One Sunflower

journey dolls

These days – when I’m not teaching – or eating – or sleeping …..

I’m in a doll making frenzy.  I tend to make most of my dolls as special orders for people but once a year I participate in an art sale at my friend’s Kale House B&B.  Cori and her mom, Bonnie, started this fall art sale about 6 years ago; I can’t believe it’s been that long! I was flattered to be invited to participate and while it is a hassle to get a bunch of dolls ready, I’m glad for a little holiday money.  I can usually sell anything that is left over at some point over the next year.

My first challenge is to find the socks.  You wouldn’t think there would be such a turn over of brands in toddler socks!  Every year I visit my standard haunts – Kmart, Wal-Mart, Fred Meyer’s, Target – on the lookout for the perfect doll sock.  I need white socks, with a cuff and a heel, and enough cotton that they will dye.  Every year I find myself buying a new brand of socks; this year’s winners came from Kmart – pack of 10 socks for $6.99!

I’ve tried different ways of dying the socks but tea works the best – unless I’m trying to make a batch of darker skinned dolls – then I really need Rit dye.   So I buy a box of cheap tea and load it into boiling water, dump in socks that have been carefully opened up and flattened so they don’t get lines down the center of their faces. 

After drying them in the dryer, I turn them inside out and do the stitching – one sock becomes a body, another sock becomes 3 arms – ten pairs of socks make 12 dolls.

My least favorite part of the whole process is the stuffing and sewing them up. When they are done, I fold them in half and tie their arms together to get them so they will sit when they are done.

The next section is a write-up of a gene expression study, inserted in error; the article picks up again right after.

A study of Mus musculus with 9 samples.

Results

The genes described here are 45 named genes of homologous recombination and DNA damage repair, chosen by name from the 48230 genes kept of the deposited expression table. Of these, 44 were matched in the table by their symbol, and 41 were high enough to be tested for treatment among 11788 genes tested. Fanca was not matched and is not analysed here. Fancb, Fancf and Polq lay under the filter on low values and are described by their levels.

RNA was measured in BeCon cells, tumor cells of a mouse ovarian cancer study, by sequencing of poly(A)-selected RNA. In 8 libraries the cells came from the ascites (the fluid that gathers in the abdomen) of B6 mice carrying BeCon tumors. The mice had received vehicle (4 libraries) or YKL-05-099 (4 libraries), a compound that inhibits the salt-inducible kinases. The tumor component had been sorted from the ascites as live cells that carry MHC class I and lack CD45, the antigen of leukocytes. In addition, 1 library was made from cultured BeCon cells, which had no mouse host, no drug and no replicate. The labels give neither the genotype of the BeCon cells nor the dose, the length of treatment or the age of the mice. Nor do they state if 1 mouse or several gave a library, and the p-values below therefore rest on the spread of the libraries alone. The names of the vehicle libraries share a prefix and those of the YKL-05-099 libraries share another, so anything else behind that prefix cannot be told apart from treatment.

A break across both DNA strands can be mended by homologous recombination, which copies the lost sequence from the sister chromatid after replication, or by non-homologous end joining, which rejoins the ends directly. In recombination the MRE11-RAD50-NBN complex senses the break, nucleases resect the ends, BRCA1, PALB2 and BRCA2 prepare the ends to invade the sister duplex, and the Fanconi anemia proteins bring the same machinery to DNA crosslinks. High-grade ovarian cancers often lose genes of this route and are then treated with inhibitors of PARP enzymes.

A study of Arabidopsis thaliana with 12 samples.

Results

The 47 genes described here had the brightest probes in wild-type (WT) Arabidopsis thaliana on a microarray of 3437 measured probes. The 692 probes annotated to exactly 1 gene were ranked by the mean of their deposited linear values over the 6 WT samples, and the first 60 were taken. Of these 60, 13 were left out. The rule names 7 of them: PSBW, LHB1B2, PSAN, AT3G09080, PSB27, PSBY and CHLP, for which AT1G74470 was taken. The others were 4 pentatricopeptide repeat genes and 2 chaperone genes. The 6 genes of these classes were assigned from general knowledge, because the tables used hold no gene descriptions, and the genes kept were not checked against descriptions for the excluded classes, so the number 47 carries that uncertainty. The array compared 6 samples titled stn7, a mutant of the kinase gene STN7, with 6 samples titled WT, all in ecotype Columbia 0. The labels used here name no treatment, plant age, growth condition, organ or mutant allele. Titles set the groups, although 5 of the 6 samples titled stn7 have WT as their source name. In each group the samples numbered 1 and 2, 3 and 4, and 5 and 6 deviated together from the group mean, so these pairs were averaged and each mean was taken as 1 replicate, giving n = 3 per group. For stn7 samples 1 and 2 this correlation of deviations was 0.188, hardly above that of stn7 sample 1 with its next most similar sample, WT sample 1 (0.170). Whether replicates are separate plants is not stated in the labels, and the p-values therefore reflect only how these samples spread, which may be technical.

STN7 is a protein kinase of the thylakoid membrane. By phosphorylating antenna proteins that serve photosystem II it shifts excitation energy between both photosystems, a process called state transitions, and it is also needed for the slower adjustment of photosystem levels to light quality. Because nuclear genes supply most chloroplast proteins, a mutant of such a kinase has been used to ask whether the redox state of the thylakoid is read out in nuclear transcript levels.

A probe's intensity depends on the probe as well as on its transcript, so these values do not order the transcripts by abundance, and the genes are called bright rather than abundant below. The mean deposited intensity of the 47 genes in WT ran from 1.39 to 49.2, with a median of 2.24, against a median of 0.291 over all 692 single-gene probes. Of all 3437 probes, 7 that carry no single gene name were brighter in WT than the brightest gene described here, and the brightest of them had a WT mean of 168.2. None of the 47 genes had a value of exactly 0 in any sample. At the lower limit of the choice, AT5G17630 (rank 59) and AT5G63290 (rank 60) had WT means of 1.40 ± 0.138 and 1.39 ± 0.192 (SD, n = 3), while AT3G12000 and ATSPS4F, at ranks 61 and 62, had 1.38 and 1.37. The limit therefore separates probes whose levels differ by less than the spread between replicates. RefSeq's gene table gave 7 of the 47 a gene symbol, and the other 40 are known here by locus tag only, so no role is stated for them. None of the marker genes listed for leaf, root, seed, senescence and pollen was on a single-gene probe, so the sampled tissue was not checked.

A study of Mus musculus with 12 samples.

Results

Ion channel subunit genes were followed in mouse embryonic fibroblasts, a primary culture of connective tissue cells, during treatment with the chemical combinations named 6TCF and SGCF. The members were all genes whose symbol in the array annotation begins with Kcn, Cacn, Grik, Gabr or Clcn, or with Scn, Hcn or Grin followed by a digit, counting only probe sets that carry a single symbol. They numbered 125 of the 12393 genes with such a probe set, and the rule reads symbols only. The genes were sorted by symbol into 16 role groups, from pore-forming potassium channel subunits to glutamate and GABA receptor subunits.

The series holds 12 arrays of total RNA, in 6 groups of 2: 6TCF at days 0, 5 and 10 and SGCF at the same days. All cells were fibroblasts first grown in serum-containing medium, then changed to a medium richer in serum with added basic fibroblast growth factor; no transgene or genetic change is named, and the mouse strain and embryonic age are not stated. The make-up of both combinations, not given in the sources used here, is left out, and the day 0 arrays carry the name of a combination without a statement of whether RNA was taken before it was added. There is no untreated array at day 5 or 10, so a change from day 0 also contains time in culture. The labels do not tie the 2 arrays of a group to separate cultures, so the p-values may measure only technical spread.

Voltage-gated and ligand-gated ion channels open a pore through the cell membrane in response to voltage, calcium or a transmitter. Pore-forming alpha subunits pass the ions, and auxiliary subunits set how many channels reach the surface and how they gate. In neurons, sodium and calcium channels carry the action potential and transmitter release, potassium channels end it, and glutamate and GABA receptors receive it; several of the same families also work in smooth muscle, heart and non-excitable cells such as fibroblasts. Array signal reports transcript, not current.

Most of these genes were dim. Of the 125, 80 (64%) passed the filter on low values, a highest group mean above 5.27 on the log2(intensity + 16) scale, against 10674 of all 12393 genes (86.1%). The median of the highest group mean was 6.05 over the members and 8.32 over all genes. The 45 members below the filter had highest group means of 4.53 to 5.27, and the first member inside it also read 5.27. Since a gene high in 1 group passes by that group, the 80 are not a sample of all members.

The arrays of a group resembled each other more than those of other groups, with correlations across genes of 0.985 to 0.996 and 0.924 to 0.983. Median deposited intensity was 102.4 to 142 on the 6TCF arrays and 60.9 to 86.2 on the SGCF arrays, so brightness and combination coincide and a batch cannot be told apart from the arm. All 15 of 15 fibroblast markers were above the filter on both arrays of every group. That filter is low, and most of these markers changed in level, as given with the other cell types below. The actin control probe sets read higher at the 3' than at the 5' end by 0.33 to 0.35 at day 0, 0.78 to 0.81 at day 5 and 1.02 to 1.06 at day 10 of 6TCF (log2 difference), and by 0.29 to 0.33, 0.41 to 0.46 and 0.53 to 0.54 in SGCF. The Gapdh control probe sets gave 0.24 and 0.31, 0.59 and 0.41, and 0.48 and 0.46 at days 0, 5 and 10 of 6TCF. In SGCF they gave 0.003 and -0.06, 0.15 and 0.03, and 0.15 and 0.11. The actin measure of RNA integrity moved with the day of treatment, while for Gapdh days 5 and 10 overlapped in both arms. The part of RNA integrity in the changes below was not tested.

I make clothes from felt and fabric, sometimes knitting little sweaters, vests and hats.  I used to use feathers for the hair, now I use sheep’s wool in the form of roving.  It is very hard to find a realistic black, (it always looks navy blue,) so most of my dolls have brown, gray or reddish and blond hair.

I don’t put faces on them – everyone asks me why – but when they don’t have faces, they take on whatever emotion you want to pose them into.

The most amazing thing about my journey dolls is that they actually go on journeys!  Recipients of my dolls or their friends tell me where my dolls have been.  I have heard from owners who have traveled the world, sometimes sitting the doll on the plane seat, sometimes tucking it away in the suitcase – but traveling never-the-less.  Some of my dolls have been with a patient for every chemo treatment, and up and down the halls of retirement centers.  They have been to various colleges across the US; one pair in wedding garb accompanied a recently married couple to their new home.  My mom has one sitting on a wooden sailboat model in my parent’s living room, ready to sail off the fireplace mantle.

I’ve been making my dolls for almost 12 years now.  They began as a project to honor some friends of mine who were going through transitions.  Their popularity spread by word of   mouth and since I still enjoy making them, I keep at it. They have definitely morphed over the years – the biggest changes happening in their size and their boots – they’ve gotten smaller and I make soles on the boots now.

Stitching the soles is tedious, but they are charming.

I try to remember the fun stuff about my dolls as I find myself spending hours in my arm chair hunched over their little bodies, furiously stitching around their little jackets by hand.  This year’s bunch seems to be especially full of fall color.  

« My art

4 responses to “journey dolls

  1. Juliann says:

    These are lovely little dolls. I love that they are each so unique and I do like that they don’t have faces.

  2. tara says:

    What a delightful pastime!

  3. blkdrama says:

    I want one Sasha. How much do you charge? They look wonderful and it’s cool that they travel.

  4. Stacey says:

    Very cute! I wish I had the ability to create something like this.